What are the Benefits of a Low-Carbohydrate Diet in Treating Cancer?
The view that sugar causes cancer is prevalent in the popular press and on the internet.
A number of doctors and naturopaths hold this view. Since starches are digested as simple sugars then it is recommended that starches should also be avoided.
As a result, a low-carbohydrate diet is endorsed. Some ketogenic diets recommend high levels of vegetables which are high in nutrients but low in the amount of energy that is provided. The absence of starch from these diets results in a calorie restricted diet which is possibly ketogenic. If a diet is restricted in carbohydrates, it will be high in fat and protein.
Ketosis occurs when fat in the body is utilised to obtain energy in the absence of glucose. Glucose is obtained from the digestion of carbohydrates. Ketosis results in the production of ketones which includes acetone. Blood acidity rises with an increase in ketones.
Serious complications with a ketogenic diet have been reported, even when performed under medical supervision. 1 These issues relate to the high levels of protein and include headaches, nausea, lack of appetite, acidosis and hypoproteinemia. High levels of fat – any fat – has a negative impact on the endothelial cells of blood vessels and reduces the ability of the cells to produce nitric oxide.
Otto Warburg was awarded the Nobel Prize in Physiology or Medicine 1931 and nominated for the second time in 1944. He suggested that cancer growth was caused by “the replacement of the respiration of oxygen in normal body cells by a fermentation of sugar.” 2
This talk appears to be one of the sources of the hypothesis that limiting carbohydrates is beneficial in treating cancers. Cancer cells do uptake glucose at a higher rate than normal cells but this does not imply that reducing carbohydrates is beneficial. Ketogenic diets cause acidosis which Warburg implicated as being conducive to cancer. Warburg was very particular in what he ate and advocated an organic, vegan diet – not a ketogenic diet.
Epidemiological studies comparing diet and rates of cancers have failed to show a link between carbohydrate intake and the rate of common IGF-1 related cancers such as breast, prostate, colon and rectal cancers.
Ken Carroll of University of Western Ontario (Canada) studied that components of the diet and the incidence of cancers in more than 30 countries. 3 4 These studies showed a strong correlation with the prevalence of a number of cancers (breast, prostate, intestinal, leukeamia, rectal and pancreatic cancers), and the amount of fat in the diet. High levels of fat are frequently associated with high level of animal sourced foods.
Similarly, the China-Cornell-Oxford Project studied 65 counties in China. This showed a positive correlation between the amount of animal source foods and the levels of breast, prostate, colon and rectal cancers. The consumption of animal source foods and prevalence of these cancers is much less than in the USA.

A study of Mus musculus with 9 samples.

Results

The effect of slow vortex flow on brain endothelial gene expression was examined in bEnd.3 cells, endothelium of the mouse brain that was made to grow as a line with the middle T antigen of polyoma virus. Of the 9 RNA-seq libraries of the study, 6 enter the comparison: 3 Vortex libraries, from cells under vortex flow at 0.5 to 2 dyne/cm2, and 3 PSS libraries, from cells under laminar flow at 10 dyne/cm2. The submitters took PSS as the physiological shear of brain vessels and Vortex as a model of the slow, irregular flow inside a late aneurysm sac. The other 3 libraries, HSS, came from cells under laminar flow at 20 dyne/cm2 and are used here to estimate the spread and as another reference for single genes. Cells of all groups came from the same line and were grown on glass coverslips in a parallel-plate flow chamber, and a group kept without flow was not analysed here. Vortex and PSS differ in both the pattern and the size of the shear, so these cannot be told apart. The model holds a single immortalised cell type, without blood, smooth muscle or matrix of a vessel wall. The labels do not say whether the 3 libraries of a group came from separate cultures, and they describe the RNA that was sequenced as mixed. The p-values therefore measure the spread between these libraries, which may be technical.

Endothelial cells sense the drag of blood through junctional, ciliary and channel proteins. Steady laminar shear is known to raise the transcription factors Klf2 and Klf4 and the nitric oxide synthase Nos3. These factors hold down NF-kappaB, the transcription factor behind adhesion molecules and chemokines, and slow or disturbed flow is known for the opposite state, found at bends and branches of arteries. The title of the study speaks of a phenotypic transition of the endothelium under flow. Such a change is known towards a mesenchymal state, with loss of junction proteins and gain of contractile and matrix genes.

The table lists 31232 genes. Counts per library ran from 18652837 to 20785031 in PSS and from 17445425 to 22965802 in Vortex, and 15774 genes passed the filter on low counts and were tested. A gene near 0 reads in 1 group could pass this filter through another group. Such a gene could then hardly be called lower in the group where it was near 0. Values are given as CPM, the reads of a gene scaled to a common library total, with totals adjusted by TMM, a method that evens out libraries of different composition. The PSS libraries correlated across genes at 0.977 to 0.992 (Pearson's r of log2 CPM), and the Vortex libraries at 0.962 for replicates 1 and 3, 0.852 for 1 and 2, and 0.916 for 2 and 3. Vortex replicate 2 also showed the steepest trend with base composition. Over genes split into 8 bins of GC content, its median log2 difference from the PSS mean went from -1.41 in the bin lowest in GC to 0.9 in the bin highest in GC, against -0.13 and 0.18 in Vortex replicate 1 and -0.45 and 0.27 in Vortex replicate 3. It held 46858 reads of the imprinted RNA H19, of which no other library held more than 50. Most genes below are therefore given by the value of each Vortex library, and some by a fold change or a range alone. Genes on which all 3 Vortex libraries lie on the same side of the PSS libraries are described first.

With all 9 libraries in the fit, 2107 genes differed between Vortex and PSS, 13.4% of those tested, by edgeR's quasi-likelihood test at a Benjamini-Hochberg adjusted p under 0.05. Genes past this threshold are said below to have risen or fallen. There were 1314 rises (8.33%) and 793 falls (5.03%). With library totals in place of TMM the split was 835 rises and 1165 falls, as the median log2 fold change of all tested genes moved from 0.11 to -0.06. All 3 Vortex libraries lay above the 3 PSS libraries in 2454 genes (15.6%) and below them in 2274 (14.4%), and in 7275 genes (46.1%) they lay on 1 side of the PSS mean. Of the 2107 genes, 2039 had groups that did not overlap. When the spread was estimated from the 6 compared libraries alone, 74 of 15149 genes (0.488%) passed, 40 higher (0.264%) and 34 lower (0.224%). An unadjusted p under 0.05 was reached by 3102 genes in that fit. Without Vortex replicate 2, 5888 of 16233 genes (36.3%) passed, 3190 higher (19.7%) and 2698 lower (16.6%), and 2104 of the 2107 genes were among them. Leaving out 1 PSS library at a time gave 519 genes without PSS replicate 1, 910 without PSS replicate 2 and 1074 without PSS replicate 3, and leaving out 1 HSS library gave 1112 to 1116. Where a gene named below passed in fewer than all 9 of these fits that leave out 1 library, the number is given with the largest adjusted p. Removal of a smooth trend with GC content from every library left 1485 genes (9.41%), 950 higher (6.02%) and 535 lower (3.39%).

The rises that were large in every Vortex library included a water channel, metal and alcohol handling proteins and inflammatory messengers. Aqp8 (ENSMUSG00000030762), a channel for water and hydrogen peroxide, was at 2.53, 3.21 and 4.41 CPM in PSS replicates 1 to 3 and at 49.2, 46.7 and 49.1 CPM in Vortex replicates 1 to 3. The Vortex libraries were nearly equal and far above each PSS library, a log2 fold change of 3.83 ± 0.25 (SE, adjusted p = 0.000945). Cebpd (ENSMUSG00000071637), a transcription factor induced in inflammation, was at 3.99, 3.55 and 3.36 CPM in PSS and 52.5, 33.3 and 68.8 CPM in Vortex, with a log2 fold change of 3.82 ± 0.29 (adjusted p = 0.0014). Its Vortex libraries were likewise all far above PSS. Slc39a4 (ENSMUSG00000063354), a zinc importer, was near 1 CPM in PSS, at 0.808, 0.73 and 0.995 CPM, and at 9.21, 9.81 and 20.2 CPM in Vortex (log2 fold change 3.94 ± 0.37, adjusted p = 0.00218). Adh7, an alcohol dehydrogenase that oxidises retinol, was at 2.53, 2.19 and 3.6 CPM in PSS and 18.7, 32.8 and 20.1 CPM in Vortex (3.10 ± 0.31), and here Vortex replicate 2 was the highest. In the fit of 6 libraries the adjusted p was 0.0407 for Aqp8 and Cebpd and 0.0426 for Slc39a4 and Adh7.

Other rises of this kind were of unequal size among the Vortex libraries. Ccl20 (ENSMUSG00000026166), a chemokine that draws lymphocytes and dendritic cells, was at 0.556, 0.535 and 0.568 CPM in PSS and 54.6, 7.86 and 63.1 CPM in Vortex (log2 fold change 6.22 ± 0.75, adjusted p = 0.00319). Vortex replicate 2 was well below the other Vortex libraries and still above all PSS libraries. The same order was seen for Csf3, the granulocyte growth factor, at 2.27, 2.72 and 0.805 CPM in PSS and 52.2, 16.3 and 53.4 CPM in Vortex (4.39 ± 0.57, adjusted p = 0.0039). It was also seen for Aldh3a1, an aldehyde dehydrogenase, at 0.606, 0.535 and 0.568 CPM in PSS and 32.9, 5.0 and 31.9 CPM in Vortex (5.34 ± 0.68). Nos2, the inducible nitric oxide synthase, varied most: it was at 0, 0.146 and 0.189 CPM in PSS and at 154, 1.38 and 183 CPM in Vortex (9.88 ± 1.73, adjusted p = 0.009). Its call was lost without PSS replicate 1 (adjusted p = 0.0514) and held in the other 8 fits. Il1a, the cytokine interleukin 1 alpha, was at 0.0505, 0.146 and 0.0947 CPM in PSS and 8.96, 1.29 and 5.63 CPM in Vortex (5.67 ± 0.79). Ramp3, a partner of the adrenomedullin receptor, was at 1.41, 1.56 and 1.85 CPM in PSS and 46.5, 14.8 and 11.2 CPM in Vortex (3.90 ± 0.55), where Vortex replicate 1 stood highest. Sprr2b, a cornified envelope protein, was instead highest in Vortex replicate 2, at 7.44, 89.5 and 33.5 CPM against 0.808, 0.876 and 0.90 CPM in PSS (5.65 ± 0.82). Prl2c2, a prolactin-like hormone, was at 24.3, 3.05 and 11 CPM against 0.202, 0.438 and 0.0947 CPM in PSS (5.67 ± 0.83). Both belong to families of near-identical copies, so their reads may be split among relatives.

Consumption of carbohydrates was negatively associated with the incidence of the above cancers.
A distinction must be made between added sugars consumed in isolation and carbohydrates that are consumed as part of a whole-food diet. Adding table sugar (sucrose) which is obtained from sugar cane and sugar beets to our diets is not beneficial to our health. High fructose corn syrup is another added sugar commonly found in processed food that has detrimental health benefits.
Cancer cells consume more glucose than normal cells but this does not imply that removing all sugars and carbohydrates from your diet will benefit cancer outcomes.
A study 5 published in 2012 investigated the effects of different types of sugars in the diet and their effect on cancer. This study investigated the association of total sugars, sucrose, fructose, added sugars, added sucrose and added fructose in the diet with the risk of 24 malignancies.
435,674 participants aged 50-71 years were followed for 7 years. These sugars were not associated with an increased risk of colorectal, breast, prostate, pancreatic or endometrial cancers or with other IGF-1 related cancers. Insulin-like growth factor-1 (IGF-1) is a hormone that promotes the growth of tissues including cancer cells.
All sugars studied were inversely associated with risk of ovarian cancer – the more sugar consumed then the risk of ovarian cancer was reduced.
There was an increased risk with some relatively rare cancers such as esophageal adenocarcinoma, pleural cancer and small intestinal cancers which the researchers suggested the “possibility of chance results”.
- Ballaban-Gil, K. et al. (1998) Complications of the Ketogenic Diet. Epilepsia. 39 (7), 744–748.
- Warburg, O. (1966) Prime Cause and Prevention of Cancer.
- Carroll, K. K. (1975) Experimental Evidence of Dietary Factors and Hormone-dependent Cancers Experimental Evidence of Dietary Factors and Hormone-dependent. Cancer Research. 353374–3383.
- Carroll, K. et al. (1986) Fat and Cancer. Cancer. 581818–1825.
- Tasevska, N. et al. (2012) Sugars in diet and risk of cancer in the NIH-AARP Diet and Health Study. International Journal of Cancer. 130 (1), 159–169.